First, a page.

Texting students in a school district or even across the entire state has a measurable impact on student enrollment and college persistence. But can you achieve similar results with a national campaign, texting hundreds of thousands of students across a variety of schools and backgrounds? Kelli Bird, Benjamin Castleman, Joshua Goodman, and Cait Lamberton recently released a working paper to confirm that yes, you can.
- a traditional campaign emphasizing the financial benefits of FAFSA completion
- a campaign of planning prompts that encouraged students to set aside time to work on applications and financial aid forms.
- a campaign to nudge students by identifying them as motivated students
The first two campaigns had no significant impact on students applying for college. But the third campaign – text nudges that prompted students to complete certain tasks – increased a typical student’s likelihood of enrolling in college by 1.1%. First generation students were about 2% more likely to enroll in college.
Study: Nudging at a National Scale
- Are established nudging outcomes possible at a national scale?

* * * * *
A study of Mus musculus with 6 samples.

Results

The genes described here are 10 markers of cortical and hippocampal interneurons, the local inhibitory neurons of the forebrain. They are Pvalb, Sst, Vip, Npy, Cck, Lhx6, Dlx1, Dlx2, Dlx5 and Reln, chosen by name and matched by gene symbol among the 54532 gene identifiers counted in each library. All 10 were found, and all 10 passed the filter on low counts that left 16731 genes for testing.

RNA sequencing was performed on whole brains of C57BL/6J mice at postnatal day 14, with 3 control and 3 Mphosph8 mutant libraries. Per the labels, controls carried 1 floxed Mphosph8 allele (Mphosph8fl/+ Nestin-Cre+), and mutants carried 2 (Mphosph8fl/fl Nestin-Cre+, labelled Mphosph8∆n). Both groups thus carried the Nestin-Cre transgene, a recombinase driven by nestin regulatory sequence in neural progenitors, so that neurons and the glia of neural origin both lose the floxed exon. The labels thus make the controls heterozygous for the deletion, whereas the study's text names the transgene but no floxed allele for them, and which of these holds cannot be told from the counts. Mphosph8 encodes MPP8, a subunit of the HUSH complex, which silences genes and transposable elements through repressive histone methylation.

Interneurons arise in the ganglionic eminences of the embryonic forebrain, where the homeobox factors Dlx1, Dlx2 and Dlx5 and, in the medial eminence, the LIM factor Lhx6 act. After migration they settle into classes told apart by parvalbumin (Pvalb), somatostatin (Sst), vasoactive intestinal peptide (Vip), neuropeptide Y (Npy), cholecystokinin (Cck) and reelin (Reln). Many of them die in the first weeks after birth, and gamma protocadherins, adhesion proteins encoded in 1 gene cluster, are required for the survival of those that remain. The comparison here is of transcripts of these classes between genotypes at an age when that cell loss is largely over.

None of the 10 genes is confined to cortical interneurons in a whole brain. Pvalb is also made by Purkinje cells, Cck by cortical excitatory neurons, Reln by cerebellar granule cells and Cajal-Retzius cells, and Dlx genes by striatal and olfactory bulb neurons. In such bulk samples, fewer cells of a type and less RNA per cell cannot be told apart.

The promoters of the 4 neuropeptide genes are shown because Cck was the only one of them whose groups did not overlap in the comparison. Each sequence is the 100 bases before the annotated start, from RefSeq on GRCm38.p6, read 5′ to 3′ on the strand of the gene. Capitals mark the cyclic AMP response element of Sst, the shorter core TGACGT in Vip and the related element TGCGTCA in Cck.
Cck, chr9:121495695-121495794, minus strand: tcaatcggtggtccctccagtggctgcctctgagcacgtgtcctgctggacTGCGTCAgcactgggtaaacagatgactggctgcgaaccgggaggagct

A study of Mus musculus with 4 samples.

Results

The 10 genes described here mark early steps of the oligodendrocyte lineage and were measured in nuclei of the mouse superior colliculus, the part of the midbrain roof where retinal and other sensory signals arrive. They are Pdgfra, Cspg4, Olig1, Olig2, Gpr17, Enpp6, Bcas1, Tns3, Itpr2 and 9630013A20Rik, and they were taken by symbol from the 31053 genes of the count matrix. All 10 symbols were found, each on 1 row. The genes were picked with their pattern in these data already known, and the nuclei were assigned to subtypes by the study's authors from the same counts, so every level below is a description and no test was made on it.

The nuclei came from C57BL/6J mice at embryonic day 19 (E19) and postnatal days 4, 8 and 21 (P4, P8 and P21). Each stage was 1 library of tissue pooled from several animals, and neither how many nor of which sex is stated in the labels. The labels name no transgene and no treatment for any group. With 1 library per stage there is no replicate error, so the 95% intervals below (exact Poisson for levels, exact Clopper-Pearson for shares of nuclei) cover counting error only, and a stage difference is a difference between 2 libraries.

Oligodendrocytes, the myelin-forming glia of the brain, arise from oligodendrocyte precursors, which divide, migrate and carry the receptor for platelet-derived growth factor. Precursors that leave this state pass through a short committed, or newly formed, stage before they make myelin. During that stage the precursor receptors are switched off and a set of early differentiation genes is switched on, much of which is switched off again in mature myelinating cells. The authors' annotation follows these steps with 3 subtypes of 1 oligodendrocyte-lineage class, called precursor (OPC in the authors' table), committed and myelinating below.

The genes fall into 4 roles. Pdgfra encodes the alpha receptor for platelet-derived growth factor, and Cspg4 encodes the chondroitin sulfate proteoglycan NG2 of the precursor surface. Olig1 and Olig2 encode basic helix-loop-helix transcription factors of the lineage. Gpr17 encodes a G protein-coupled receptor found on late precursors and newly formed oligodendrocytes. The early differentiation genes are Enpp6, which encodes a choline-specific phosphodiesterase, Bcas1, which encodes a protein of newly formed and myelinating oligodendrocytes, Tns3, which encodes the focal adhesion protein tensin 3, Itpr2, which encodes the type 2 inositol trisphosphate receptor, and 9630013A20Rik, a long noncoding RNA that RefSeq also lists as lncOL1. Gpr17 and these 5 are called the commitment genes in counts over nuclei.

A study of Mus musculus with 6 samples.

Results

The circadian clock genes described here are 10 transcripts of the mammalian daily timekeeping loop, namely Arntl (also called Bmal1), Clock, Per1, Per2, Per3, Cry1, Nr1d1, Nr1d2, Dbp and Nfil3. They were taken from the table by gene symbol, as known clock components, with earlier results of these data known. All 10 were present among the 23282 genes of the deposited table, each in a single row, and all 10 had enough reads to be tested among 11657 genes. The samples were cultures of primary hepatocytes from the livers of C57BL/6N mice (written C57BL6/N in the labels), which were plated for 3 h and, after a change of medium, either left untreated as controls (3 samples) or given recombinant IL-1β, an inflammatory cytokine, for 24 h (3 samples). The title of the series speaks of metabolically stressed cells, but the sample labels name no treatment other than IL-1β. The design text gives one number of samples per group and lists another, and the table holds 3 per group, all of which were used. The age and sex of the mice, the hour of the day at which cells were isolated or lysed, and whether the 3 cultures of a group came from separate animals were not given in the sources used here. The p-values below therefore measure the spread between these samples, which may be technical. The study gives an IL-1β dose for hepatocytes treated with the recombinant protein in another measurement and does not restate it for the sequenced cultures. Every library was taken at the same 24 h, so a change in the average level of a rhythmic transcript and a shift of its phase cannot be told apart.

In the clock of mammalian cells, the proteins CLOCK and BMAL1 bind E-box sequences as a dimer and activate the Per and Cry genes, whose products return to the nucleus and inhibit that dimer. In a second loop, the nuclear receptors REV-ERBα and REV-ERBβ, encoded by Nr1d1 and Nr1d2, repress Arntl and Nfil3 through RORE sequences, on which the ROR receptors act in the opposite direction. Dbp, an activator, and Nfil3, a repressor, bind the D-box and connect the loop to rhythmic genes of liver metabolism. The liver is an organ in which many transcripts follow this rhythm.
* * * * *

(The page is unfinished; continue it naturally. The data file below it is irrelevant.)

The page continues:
- What are the specific mechanisms underlying these outcomes?
- Outcomes measured:
- College application behavior of students through the common app.
- Probability of enrolling in college.
- Average quality of costs of the colleges in which students enrolled.
Tested 2 variations in content:
- Concertizing the financial benefits of FAFSA completion.
- Positive that activation (nudge students by identifying them with motivated/successful students).
- Providing concrete planning prompts= significant increase in college enrollment (1.1% more likely to enroll, 1.7% of first-gen).
- 1.1% of students were more likely to enroll in college.
- Impact of nudges larger for first gen students (1.7%) increase in enrollment.
- Method matters: concrete planning prompts are effective, while traditional human capital investments (emphasize financial benefits associated with FAFSA) are not.